Day 7 - Saturday 15 November 2008

I wake up at 5am to the very first rays of the suns light emerging out from the darkness. From first glance it seems to be clear skies today but with the tiniest slither of cloud on the horizon. I had very freaky dreams last night about murder, humiliation amongst friends, deceit, betrayal, love lost, big mouldy 1970ís style houses, hills, expansive views, sex and baths.

I climb out of bed but itís too early for photos as itís still just a bit too dark. For the next 40 minutes or so I jump in and out of bed taking photos in and around Q2, of the the lighthouse and the first light of the sunrise. I can see Pat is out with his camera and Alena wanders past too. We wave to each other as a friendly early morning gesture. There is a golden orange yellow warm glow on the cliffs that highlights the mood of the morning. A little later, after the golden glow of the sunset dissipates into the bright light of the day, I climb back into bed and sleep some more until about 8.

This morningís glow is rich with warmth, and as I awaken I feel instantly the nightís dreamy anxieties and fears are fading. Mornings on Tasman are the same routine again, I wander up to Q3 for a breakfast of cereal and coffee but this morning there is also wholemeal cakes with honey and blueberry jam. What a delight!

The day ahead presents what I will term a Ďdawdle dayí, or rather do what you like day our team leader Bob announces. I decide that the first thing I will do is move all of the linoleum from Q2 Ė about 15 bags averaging 18 kilos per bag Ė to Q3 for removal by the helicopter tomorrow. After getting one of the wheelbarrows Iím into it. Halfway through I come across one of the rarely seen Tasman Island crickets hiding amongst the bags of linoleum. What a rare treat. I deliver another bag of lino to Q3, grab my camera and return but when I return itís gone. However, after a few more trips back and forth it reappears and I manage to capture a few photos of it. I finish off my chore of lino moving in time for a morning tea. On the menu is; freshly baked scones with cream, jam, marmalade, kiwifruit, strawberries washed down with a cup of hot tea. The weather today is perfect, the skies are clear, the sun is out and there is barely a cloud in the sky.

After morning tea a group of us head north across the island to the top of the Haulage-way on the northern tip, once we arrive we head east traversing the top of the cliffs until we reach the north-eastern corner. From here we turn right and follow the cliff edge south travelling up a long incline before it slowly drops again. There are magnificent views back over to Cape Pillar and the Blade and Knobby Rocks, and across the middle of the island to the three houses and lighthouse. The cliff walk is stunning in its grandeur and magnificence of landscape Ė vast skies, looming cliff faces below, and ocean as far as the eye can see.

This is the same walk that I first did on my previous trip to Tasman and I find the spot that Iíve been making a drawing of back home in multiple states. When we get to the edge where it turns inwards back towards Q2 and Q3 we all stop and sit for a long period, at one stage viewing whales far off shore and consuming the vast view of the silver blue sea from 1,000 foot directly above it.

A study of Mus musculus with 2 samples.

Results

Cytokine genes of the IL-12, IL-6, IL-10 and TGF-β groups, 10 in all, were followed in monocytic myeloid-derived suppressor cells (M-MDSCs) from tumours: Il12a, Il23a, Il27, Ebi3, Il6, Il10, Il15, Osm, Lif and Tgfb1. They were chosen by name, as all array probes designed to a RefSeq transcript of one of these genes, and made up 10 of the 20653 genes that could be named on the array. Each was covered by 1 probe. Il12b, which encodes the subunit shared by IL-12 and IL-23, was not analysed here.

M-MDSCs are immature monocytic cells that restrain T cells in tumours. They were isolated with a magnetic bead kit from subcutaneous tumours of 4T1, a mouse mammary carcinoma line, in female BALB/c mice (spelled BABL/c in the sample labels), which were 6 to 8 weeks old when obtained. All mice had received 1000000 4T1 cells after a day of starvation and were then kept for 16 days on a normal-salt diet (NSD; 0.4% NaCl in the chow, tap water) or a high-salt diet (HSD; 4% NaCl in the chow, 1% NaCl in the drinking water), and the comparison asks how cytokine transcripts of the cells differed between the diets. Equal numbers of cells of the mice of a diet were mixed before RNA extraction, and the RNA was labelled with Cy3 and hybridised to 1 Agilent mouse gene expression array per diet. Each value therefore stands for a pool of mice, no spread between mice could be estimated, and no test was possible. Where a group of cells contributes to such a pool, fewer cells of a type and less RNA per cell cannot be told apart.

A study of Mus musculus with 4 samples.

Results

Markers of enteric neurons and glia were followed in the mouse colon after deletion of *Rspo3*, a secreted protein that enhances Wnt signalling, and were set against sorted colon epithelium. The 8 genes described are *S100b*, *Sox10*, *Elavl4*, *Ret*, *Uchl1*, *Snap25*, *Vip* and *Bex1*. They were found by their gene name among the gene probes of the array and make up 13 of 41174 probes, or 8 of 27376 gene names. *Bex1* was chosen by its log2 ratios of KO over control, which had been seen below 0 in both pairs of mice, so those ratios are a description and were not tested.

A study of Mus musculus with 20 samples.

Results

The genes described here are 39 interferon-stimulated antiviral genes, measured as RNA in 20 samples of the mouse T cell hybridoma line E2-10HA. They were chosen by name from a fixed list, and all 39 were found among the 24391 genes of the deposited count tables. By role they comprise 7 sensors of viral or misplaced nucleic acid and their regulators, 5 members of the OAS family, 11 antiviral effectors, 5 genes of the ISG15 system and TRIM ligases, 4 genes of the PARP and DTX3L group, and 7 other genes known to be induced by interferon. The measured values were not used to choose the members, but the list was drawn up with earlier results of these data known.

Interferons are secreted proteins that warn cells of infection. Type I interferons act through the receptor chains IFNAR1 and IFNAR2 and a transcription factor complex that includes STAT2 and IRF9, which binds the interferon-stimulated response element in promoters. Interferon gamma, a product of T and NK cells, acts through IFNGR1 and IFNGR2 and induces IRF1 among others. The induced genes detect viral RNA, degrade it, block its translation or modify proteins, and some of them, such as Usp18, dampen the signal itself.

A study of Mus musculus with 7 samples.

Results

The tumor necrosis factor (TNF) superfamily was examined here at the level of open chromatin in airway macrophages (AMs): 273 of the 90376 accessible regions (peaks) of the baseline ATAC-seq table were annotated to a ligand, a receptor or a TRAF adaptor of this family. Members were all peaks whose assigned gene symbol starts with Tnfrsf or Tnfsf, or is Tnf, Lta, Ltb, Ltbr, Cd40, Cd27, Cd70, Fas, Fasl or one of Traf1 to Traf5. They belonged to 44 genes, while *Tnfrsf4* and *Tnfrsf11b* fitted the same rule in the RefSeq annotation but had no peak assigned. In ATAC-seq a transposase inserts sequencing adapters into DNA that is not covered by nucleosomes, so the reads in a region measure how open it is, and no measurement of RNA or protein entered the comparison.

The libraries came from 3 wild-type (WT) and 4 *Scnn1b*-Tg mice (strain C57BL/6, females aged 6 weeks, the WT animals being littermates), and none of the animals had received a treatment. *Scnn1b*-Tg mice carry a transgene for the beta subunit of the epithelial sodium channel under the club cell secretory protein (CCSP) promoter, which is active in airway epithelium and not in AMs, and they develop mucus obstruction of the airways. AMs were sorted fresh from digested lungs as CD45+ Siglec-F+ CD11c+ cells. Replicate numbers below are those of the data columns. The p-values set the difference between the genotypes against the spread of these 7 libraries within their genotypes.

Itís so immense. We separate and each of us slowly makes our own way back westwards towards Q2, through the thick bracken filled valley that use to be the islands vegetable patch, back when the light was still in operation, that we weeded on the first few days of the trip before hitting the main track for the final walk up to Q3 and lunch at about 2.30pm. I stop many times during the walk to look and to take photos.

Lunch consists of home-made bread made by Bob, salad, tuna, avocado, salami, cheese, etc. I finish lunch with a cup of cranberry tea on the steps of the lighthouse once more allowing my mind to drift away whilst taking in the view of the multi-faceted landscape. I wander back inside, help with the drying up then take my video camera and backpack for a walk back down to the top of the Haulage-way where the Whim silently sits at the northern tip of the island.

On my way back I video the walk, holding the camera down at my waist as I wander along the linear track that cuts through the centre of the island. I pause the video when I get to Q1 and take more interior photos of its emptiness and darkness.

A weather change comes through. The forecast is for gale force 60-knot winds and it seems to come out of nowhere whilst Iím wandering around inside. I think to myself, if itís like this tomorrow we are not going anywhere and therefore itís another night on Tasman for us. So much for the clear sunny day that welcomed the morning in. Soon afterwards we are getting blasted by heavy rain pelting down on us whilst we take shelter in Q1. I feel compelled to take a few more images. I wonder if the wind will settle in and if we will be here longer than expected?

Once the rain clears I head back up to Q3 where I do a little reading. Shortly afterwards its dinnertime. We stoke up the BBQ and cook sausages and mince patties, served up with a side salad. Dinner is washed down with a couple of glasses of red wine and one of white before we watch a digital slide show of Mikeís recent trek to the edge of the Simpson Desert on camels.

The weather this afternoon and night can only be described as inclement, itís wild, windy and raining, and as Chris so eloquently puts it, Ďtypical Tasman weatherí. We all wonder if we will be flying tomorrow and thereís a bit of a hushed silence amongst us all as we individually think of the unknown. Bob will call Heli Resources at 6am tomorrow to find out.